We have a major arts equity issue in this country. And, we have a major denial issue about the power of the arts in driving student achievement. Who gets hurt? Of course, as always, the poor children of America are the have-nots. The facts don’t lie.
Recently, Education Secretary Arne Duncan spoke eloquently about this issue. He called for all schools to be “arts-rich.” He lamented that the arts opportunity gap is widest for children in high poverty schools. He said, " Low-income students who had arts-rich experiences in high schools were more than three times as likely to earn a B.A. degree as low income students without those experiences.” Ignoring the research on this issue is malpractice.
Secretary Duncan was presenting the results of the latest arts survey conducted by the National Center for Education Statistics(NCES), a division of the Education Department’s Institute of Education Sciences (IES). This survey was last conducted ten years ago so we can get an idea of how far we have come. The truth is that we have not made progress in expanding opportunities for all students, and we have lost ground in providing dance and drama to all. Most disturbing, the gap between high poverty and low poverty schools is significant in coursework in music and the visual arts.
One thing the Secretary said that hit home for me was his comment on the lack of enrichment experiences for children with disadvantaged backgrounds, limited English proficiency, and disabilities. As a former teacher of students with special needs, I remember the experiences my students had in music, visual arts, dance, and drama. You see, my school district was one of a few that valued equity and the arts. My students had this wonderful opportunity for inclusion, tapping into their imaginations, and developing their God-given talents.
I still have a framed picture of a drawing that one of my students did in his art class over 20 years ago. I display it proudly in my home office. Many people are stunned to learn that the artist was only 11-years-old and was a special needs student. The colors are vibrant, the contrast is stark, and the images are brilliant. When I look at that picture, I think of the student, and I think of the art teacher Mrs. Schwall. She taught with high expectations, inspiration, and a deep knowledge of multi-media art techniques. The arts are a part of a basic education, and we should never shortchange the education of our students.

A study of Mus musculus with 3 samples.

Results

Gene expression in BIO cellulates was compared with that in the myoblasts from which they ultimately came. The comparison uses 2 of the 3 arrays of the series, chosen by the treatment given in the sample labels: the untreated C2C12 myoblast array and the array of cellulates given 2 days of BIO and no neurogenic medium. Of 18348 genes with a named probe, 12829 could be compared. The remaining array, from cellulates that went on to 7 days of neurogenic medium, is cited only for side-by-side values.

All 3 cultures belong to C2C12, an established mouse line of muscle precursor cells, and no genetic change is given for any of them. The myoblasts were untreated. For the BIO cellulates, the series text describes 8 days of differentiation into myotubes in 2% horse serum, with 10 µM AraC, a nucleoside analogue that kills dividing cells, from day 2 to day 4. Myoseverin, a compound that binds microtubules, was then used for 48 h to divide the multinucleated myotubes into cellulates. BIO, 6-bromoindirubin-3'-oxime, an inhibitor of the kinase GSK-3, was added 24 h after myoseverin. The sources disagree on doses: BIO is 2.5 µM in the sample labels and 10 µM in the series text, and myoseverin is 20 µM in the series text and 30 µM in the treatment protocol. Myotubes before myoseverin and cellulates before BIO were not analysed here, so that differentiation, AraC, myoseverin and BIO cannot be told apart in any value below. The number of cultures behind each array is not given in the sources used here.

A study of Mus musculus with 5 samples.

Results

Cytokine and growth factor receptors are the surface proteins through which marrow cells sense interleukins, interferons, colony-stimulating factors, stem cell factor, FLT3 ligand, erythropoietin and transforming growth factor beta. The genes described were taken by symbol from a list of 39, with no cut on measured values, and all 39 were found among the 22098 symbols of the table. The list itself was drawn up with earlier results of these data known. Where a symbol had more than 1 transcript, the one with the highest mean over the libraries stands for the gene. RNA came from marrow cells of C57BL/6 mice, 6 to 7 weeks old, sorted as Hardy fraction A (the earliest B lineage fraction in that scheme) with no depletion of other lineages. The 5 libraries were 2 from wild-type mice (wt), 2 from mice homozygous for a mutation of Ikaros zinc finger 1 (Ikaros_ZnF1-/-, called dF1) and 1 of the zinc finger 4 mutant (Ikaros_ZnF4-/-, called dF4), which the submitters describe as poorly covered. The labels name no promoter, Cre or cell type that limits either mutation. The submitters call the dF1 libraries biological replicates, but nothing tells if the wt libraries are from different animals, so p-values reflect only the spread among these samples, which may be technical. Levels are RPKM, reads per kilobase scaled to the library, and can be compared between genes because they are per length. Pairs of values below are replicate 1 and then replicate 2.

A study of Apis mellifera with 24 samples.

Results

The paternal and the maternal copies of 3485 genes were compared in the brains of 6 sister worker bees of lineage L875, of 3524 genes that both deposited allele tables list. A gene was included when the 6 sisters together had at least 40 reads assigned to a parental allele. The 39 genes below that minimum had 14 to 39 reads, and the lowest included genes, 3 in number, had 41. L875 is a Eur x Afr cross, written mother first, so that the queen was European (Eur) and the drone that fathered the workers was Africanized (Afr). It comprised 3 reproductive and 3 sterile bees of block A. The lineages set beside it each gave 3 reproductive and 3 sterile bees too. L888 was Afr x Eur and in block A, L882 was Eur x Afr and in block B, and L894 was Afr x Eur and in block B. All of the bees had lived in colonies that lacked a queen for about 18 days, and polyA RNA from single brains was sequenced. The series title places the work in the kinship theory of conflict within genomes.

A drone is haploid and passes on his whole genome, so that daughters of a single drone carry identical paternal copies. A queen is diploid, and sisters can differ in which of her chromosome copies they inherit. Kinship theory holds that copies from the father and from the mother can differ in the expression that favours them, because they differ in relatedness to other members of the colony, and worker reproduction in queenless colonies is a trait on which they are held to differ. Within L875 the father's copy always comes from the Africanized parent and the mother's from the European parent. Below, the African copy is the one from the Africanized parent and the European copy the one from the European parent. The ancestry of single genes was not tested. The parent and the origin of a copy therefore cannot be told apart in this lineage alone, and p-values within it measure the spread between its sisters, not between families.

America is blessed to have some of the best artists in the world. We have some of the best museums, concert halls, Broadway theatres, and dance studios. What we don’t have is the will to assure that all children have access to all the arts from the time they arrive in our schools until they graduate. Who knows how many Meryl Streeps, Denzel Washingtons, Jennifer Lopezes, Georgia O’Keefes, and Beverly Sills we have lost because no one was there to nurture and mentor the talents of our youngest.
Let’s continue to insist that the arts are fully funded for our public schools. Let’s take the advice of Secretary Duncan and use Title I and Title II funds for arts education as well as reading and math. Let’s utilize the lessons of Finland that has a robust arts program and integrate the arts in all teaching. America will be a better country for it.
The opinions expressed in John Wilson Unleashed are strictly those of the author(s) and do not reflect the opinions or endorsement of Editorial Projects in Education, or any of its publications.